Since my work against human trafficking began four years ago, there has been a high level of uncertainty in my life.

I didn’t know what had happened to my kidnapped friends, or how to find them.

I didn’t know what would happen to my friends – or their children – after I found them.

I didn’t know if I would be able to continue my work, or complete the documentary, at all.

I didn’t have the equipment I needed, and didn’t even have enough funds left to live in my own country.

Now – for the first time in four years – I have certainty, and continuity. I have the time and funds needed to finish ‘Sisters For Sale’.

It has made an incredible difference to be living a simple, clean life on a steady rhythm.

To wake up in the same place every day, and have a good idea of what the day holds in store.

To have a sense of control, to be making this documentary out of something more than desperation.

To be able to listen to the rhythm of the story, not just the ticking of the clock.

I still spend far too much time on the computer, but now it’s a choice.

There are many people who know me as a nomad, a risk-taker, a perpetual wanderer.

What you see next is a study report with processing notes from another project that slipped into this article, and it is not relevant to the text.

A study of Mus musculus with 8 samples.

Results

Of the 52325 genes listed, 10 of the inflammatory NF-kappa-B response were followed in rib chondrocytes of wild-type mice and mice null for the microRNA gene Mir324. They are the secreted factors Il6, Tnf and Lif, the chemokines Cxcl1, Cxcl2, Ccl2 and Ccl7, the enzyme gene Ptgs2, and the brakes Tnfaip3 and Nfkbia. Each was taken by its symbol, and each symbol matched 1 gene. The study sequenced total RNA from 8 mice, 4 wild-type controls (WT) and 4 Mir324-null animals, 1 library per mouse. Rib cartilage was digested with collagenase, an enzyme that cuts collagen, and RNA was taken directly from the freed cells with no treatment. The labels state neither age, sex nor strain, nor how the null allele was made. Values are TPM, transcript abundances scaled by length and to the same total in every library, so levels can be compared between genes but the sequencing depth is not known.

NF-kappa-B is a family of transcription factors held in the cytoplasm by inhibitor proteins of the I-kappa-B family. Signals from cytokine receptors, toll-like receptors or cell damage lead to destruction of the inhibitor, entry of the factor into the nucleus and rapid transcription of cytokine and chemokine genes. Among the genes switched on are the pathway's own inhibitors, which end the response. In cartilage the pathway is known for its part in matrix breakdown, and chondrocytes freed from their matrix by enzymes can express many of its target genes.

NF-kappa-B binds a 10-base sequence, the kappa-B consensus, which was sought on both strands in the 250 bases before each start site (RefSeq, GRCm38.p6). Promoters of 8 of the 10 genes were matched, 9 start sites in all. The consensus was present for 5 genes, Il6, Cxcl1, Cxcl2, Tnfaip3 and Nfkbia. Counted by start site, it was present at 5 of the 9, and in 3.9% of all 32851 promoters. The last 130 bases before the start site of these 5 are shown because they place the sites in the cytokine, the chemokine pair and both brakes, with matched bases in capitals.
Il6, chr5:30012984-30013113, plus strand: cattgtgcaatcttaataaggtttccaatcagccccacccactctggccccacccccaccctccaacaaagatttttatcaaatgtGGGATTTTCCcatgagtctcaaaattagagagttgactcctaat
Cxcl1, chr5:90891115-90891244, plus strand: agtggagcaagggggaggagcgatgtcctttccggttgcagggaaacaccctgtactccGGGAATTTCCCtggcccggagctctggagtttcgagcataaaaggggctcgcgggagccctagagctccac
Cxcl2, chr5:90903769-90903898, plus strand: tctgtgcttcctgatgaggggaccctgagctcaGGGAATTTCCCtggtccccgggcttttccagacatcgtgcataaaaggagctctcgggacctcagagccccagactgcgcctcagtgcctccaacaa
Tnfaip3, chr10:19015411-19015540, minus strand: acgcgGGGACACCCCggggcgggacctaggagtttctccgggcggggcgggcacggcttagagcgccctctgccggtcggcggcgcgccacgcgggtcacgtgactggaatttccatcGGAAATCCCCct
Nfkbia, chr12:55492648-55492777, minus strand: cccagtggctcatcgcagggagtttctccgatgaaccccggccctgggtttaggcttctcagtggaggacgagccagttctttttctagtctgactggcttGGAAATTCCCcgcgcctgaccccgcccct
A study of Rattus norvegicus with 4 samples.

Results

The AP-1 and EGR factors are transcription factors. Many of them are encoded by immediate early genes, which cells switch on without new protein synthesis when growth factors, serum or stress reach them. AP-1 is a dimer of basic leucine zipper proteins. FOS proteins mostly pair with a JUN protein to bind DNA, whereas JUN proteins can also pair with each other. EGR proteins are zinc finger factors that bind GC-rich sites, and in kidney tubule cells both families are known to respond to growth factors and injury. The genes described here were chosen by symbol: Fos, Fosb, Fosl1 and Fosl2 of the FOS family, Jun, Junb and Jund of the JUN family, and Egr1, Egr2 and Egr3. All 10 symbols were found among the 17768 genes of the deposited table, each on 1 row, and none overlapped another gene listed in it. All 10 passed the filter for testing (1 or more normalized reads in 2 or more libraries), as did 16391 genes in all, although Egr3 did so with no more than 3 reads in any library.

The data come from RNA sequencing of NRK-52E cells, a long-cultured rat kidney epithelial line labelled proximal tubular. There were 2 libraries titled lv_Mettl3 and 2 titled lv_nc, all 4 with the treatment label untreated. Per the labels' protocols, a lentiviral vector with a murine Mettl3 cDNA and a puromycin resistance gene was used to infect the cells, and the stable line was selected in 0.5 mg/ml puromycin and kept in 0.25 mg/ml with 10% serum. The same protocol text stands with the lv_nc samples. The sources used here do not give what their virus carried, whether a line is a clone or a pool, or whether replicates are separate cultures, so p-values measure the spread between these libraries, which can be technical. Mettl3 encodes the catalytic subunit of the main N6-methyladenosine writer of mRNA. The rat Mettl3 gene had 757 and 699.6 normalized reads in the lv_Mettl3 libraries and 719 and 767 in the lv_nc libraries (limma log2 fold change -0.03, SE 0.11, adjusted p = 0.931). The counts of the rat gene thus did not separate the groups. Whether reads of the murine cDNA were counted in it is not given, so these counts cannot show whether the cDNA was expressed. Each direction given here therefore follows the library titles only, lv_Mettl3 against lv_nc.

They might be surprised to know how easily I’ve slipped into a more stable life, a comfortable cycle of editing, writing, and reading.

‘Sisters For Sale’ is progressing even better than I’d hoped, as it grows ever longer and gains new depth. It’s right on time, too – on schedule for September.

In about six weeks, I expect to have a complete edit of the documentary, and will start collaborating with the rest of the team to finish the sound, colours, music and animations.

You might not hear from me until then. That’s a good thing.

In 2015, Belinda Bauer – one of the world’s best crime writers – released ‘The Shut Eye’, a novel inspired by our work in Vietnam.

‘The Shut Eye’ was shortlisted for the prestigious Golden Dagger – an award Belinda has won previously – competing against both Stephen King and J.K. Rowling.

I’ve finally had a chance to get my hands on a copy, and it’s not hard to see why Belinda’s recognised as one of the best in the game.

Knowing the inspiration for the book, I thought I had an unfair advantage – and Belinda still managed to fool me at every turn.

If you’ve been following our work and are looking for some weekend reading, I’m sure you’ll enjoy it!

To keep up with all the news on ‘Sisters For Sale’ and ‘The Human, Earth Project’, subscribe here.